Despite its flaws, Twitter is a fascinating social phenomenon, and probably one of the most powerful sources of real-time information and free speech. But as a publicly-traded stock, it has been a disaster. And the rapid decline in share price makes it look like a tempting takeover target. But for whom—and why?
Is "disaster" a little strong? Not really. Twitter's shares peaked at $73 in December 2013, giving the company a market value of more than $50 billion. Since then, they have been through ups and downs, but each time the highs have been a little lower and the valleys a little deeper.
In the past three months alone, Twitter (twtr) has lost more than 50% of its market value while dropping from $31 to the $17 level, making the company worth about $12 billion. That's a loss of $38 billion in market value in two years. And that has some investors sniffing around (and possibly hoping) for an acquisition.
This week, Twitter's shares got a boost partly because of rumors that News Corp. may be interested. A News Corp. spokesperson denied it, but that didn't stop people from trading on the rumor anyway. It's likely some funds are betting that Twitter is in play.
Here's what an acquirer would be buying: A company with an estimated 300 million users and revenues of about $2 billion annually—but one that is losing about $125 million every quarter (although some note that the losses are primarily due to stock-based compensation). So far, Twitter has an accumulated deficit of $2 billion and about $3 billion in cash and short-term securities on hand.
Everyone has their own favorite Twitter acquisition candidate, and their own theories about why they should buy the company. Below are are some of the most popular names, along with some of the reasons why they either make sense as an acquirer or don't:
Google: The search giant seems to be everyone's favorite acquirer, in part because it has failed to get anywhere with its own social platform, Google+, and because it is clearly interested in the kind of real-time behavioral and interest data it can get from Twitter. It definitely has the resources and the interest. The counter-argument: It already has a deal with Twitter for access to its real-time data firehose. Why does it need to buy the company?
Facebook: The social network is a perennial No. 2 on the most-favorite acquirer list, partly because it (like Google) has reportedly tried to acquire Twitter in the past. It has also shown a willingness to spend obscene amounts of money on services that have no revenue or profits, such as the $19 billion it paid for WhatsApp. The counter-argument: Facebook (fb) seems to be busy building its own Twitter-style features, which is much cheaper.
Amazon: The rationale for the online retailing giant acquiring Twitter is similar to Apple's—namely, that it has a pile of money. Also, Jeff Bezos doesn't seem overly concerned about making a profit. The counter-argument: Just because Bezos has the money doesn't mean Amazon (amzn) is interested in buying a social tool that he seems to have no affinity for, professionally or personally (he only started tweeting in November).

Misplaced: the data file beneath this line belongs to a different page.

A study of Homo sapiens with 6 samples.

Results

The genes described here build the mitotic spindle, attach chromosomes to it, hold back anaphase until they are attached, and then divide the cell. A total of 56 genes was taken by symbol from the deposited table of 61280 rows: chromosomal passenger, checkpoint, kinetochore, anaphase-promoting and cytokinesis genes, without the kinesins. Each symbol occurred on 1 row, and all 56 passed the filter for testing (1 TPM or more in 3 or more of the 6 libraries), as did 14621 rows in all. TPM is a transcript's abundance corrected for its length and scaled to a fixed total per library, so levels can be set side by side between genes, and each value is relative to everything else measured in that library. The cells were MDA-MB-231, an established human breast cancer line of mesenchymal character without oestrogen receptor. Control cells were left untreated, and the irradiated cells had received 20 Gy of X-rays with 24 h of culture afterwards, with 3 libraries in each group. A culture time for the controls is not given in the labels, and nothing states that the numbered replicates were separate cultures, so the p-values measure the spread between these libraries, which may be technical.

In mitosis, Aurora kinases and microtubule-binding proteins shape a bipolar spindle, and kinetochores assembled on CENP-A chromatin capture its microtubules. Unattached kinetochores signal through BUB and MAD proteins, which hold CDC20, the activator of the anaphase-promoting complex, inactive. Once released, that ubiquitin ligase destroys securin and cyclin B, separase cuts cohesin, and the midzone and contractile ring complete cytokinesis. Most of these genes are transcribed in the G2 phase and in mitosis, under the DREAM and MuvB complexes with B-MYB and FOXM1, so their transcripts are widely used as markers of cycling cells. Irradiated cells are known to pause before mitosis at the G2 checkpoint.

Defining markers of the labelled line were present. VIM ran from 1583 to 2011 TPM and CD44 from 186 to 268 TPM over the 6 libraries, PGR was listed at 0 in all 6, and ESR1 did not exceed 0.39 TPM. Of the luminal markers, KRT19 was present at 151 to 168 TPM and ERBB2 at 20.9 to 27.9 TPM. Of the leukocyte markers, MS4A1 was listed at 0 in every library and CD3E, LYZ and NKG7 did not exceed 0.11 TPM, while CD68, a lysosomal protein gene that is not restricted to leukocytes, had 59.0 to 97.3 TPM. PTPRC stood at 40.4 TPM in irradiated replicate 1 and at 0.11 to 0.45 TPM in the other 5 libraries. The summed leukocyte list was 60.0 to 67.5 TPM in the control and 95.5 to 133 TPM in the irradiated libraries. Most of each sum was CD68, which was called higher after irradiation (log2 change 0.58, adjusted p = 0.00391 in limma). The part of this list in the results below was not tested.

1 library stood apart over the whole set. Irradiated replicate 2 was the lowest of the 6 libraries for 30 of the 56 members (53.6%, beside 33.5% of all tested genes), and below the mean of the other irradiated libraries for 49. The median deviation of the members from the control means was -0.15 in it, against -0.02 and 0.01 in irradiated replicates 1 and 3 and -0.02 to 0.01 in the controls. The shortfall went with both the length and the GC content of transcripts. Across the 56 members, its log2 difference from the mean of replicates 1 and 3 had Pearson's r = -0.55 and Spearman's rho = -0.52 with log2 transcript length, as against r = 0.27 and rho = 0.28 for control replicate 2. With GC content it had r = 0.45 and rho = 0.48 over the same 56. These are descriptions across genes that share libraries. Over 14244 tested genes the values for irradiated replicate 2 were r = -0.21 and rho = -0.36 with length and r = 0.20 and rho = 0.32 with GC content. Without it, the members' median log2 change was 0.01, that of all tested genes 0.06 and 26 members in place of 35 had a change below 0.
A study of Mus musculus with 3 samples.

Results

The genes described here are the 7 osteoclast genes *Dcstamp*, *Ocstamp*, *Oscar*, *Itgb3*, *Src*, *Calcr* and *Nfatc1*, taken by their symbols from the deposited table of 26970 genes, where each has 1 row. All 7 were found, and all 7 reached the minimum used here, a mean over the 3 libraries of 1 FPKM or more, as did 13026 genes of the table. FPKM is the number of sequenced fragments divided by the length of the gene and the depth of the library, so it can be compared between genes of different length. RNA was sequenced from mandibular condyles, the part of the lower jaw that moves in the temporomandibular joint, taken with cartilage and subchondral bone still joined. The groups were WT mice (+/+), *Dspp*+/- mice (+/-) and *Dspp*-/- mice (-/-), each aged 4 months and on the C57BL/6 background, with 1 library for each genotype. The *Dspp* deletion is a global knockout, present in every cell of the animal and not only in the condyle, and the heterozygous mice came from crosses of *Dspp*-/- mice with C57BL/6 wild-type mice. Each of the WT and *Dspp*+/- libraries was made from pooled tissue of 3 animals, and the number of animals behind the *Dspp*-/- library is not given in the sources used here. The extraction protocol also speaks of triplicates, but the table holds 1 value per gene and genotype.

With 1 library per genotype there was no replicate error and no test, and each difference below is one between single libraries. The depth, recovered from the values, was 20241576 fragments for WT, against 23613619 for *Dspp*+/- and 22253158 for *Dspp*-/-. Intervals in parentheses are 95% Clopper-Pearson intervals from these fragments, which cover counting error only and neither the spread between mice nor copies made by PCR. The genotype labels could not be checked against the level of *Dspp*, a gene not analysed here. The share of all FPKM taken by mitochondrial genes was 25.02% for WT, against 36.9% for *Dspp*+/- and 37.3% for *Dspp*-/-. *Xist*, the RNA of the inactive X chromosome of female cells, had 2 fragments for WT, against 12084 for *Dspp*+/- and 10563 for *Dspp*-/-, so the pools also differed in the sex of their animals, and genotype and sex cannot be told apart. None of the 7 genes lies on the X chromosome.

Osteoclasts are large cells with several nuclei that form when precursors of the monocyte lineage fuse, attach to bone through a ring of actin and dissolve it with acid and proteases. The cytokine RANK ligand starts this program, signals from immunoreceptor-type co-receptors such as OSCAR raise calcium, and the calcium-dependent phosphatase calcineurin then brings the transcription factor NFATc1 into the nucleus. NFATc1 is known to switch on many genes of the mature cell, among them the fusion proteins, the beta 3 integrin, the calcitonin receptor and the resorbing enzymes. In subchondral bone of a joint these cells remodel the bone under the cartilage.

IBM: This one is a little out of left field, but the argument is that the computing-services behemoth is looking for products that generate a lot of interesting data, as a way of advertising its data-mining services—hence its acquisition of The Weather Company. And it could probably afford it. The counter-argument: Like Google, IBM (ibm) could just sign a deal to get the data, no need to buy the company.
Verizon: The telecom company has already shown that it's looking outside the traditional industry for ways to capitalize on mobile computing and behavior. That's why Verizon (vzw) acquired AOL and says it plans to keep and even build on AOL's media and ad-technology assets. Twitter is definitely big in mobile, and it has a fairly strong ad platform that is growing revenues rapidly. The counter-argument: $12 billion or more is a lot to pay for a mobile ad network.
News Corp: The Murdoch empire has lots of money available that it could spend on something like Twitter—and it has been known to absorb losses for the right asset (like the New York Post, which is said to lose as much as $50 million annually). But $100 million worth of losses every three months? That seems like a stretch even for Murdoch. And for what? He is an enthusiastic user of Twitter, but it's not clear that he would see $12 billion worth of in value in owning it.
Softbank/Tencent: Japanese and Chinese giants don't get mentioned as often as U.S.-based companies like Google, but there's a case to be made that they might be interested in Twitter at the right price. Both Softbank and Tencent not only have the resources but have shown that they are interested in buying Western assets when it suits them. Chinese conglomerate Alibaba (baba) should probably be on that list as well.
The bottom line: As with most companies whose share price has hit the skids, the biggest problem for Twitter is that the cheaper it gets, the less it looks like an attractive acquisition candidate because it means the business isn't getting any better. Its revenues may be growing, but its user base isn't. Even if you exclude stock-based compensation and other expenses, it is still barely breaking even on $2 billion in revenue (although an acquirer could use the accumulated losses to reduce its tax bill).
In many ways, Twitter is caught in a value trap: It raised so much money that it was forced to go public at a high valuation, but the actual business value of the network has never met those lofty expectations, and maybe never will. One solution might be for the company to acquire itself—in other words, to go private. But someone has to fund a transaction like that, and it's unclear who, if anyone, would be willing to take that on.